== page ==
Sugar Busters! was first independently published in New Orleans and sold an amazing 100,000 copies by word of mouth. Its advice may be hard to swallow for most Americans, as it advocates squelching your sweet tooth in order to lose weight. Those who follow the diet, however, swear by it, and no wonder: excess sugar consumption has been linked to depression, impaired immune function, and, of course, weight gain, as the body can almost effortlessly convert sugar to fat. Because sugar comes in so many different forms and hides out in unexpected places (carrots, beets, and white bread, among others) the authors list what foods are safe and which ones should be avoided and include a two-week menu plan for getting started. They also tempt the taste buds with recipes for unheard-of "diet" dishes such as Eggs Sardou and Filet Mignon with Bleu Cheese.
This book will be too basic for anyone with a solid knowledge of nutrition, but for those who are overdoing the sweet stuff and want some handholding and help with shedding excess weight, Sugar Busters! can do nothing but help.
Ever heard of a fat caveman? Today's dieters should follow their ancestors' lead, proclaim the authors of this update to their bestselling original. For hundreds of thousands of years, the human diet consisted of unrefined foods that were high in fiber, low in sugar and low on the glycemic index. Eating similarly now-avoiding white flour, white potatoes, white rice, sugar, soft drinks and highly processed foods in general (the "basic principles" of a diet that's been "field-tested by the human digestive system throughout the eons")-will help people lose weight and keep it off, the authors argue. Their reasoning is sound (high blood sugar triggers the release of insulin, the "fat-storage hormone" and the "CEO of metabolism"; the less the body lives in fat storage mode, the better), and the lifestyle they propose is simple (though it goes beyond just chucking the 5-lb bag of Domino into the trash). Try eating six small meals a day, don't eat after 8 p.m.; read the labels of all breads and cereals to find the hidden sugars and stock your refrigerator with vegetables and lean meats, the authors say. In chapters that are straightforward and focused, the authors consider childhood obesity and diabetes, discuss artificial sweeteners and alcohol, offer recipes from restaurants around the country and answer FAQs from Sugar Busters everywhere. For those with the willpower to cut out the convenience foods, this will be a helpful guide to eating better.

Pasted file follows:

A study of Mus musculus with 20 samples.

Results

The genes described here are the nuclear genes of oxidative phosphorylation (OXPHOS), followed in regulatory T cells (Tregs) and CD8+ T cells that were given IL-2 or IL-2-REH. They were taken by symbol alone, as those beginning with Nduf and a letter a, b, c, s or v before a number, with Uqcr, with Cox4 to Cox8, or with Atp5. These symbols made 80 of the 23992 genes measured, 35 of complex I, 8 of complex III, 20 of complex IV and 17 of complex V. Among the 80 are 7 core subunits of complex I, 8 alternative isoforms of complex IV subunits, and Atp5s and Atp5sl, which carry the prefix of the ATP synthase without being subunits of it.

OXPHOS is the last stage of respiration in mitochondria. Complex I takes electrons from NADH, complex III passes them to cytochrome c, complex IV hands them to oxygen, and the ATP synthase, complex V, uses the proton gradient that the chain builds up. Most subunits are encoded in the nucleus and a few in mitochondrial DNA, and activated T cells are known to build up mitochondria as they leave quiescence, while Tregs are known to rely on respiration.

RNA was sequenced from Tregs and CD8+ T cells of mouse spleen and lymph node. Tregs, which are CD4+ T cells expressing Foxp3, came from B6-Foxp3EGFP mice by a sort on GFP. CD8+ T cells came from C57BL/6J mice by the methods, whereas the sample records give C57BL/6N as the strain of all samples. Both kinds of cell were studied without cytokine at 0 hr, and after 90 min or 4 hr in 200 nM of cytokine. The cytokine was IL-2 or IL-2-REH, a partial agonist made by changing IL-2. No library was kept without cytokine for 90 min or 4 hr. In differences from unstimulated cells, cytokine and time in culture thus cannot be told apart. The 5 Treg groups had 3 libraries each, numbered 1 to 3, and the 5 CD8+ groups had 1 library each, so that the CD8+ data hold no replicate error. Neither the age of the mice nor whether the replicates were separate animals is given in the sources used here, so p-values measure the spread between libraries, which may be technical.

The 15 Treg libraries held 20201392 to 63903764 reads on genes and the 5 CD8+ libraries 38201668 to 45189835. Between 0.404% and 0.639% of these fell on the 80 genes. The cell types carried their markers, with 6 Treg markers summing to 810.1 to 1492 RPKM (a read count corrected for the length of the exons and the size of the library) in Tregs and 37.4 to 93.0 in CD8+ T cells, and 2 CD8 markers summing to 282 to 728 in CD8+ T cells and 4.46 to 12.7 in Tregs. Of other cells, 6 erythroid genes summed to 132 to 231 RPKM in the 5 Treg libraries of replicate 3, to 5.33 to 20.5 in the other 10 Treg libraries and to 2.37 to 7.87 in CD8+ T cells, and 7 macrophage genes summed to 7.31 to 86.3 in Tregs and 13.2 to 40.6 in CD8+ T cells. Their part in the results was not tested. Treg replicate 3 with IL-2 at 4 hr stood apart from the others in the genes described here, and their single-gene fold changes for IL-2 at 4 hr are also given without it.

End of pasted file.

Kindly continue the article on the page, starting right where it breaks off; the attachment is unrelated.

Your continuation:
It's such a famous book, I don't know what can I say else. It was written by 3 M.D.s. It contains recipes and 14-day meal plan. It was my first book that helped me to regain my health after years of consuming too much sugar (including fruit!) and feeling awful every day.
This has some good information about why sugar is so bad but it doesn't really cover any tremendously new material from what has already been said in every other low-carb book. The diet itself is very flexible -- almost too flexible -- with few rules except don't eat sugar and refined carbs. I tend to need a more structured diet than what this book offers. It's interesting to see it from a New Orleans viewpoint, however, which is where the authors are from.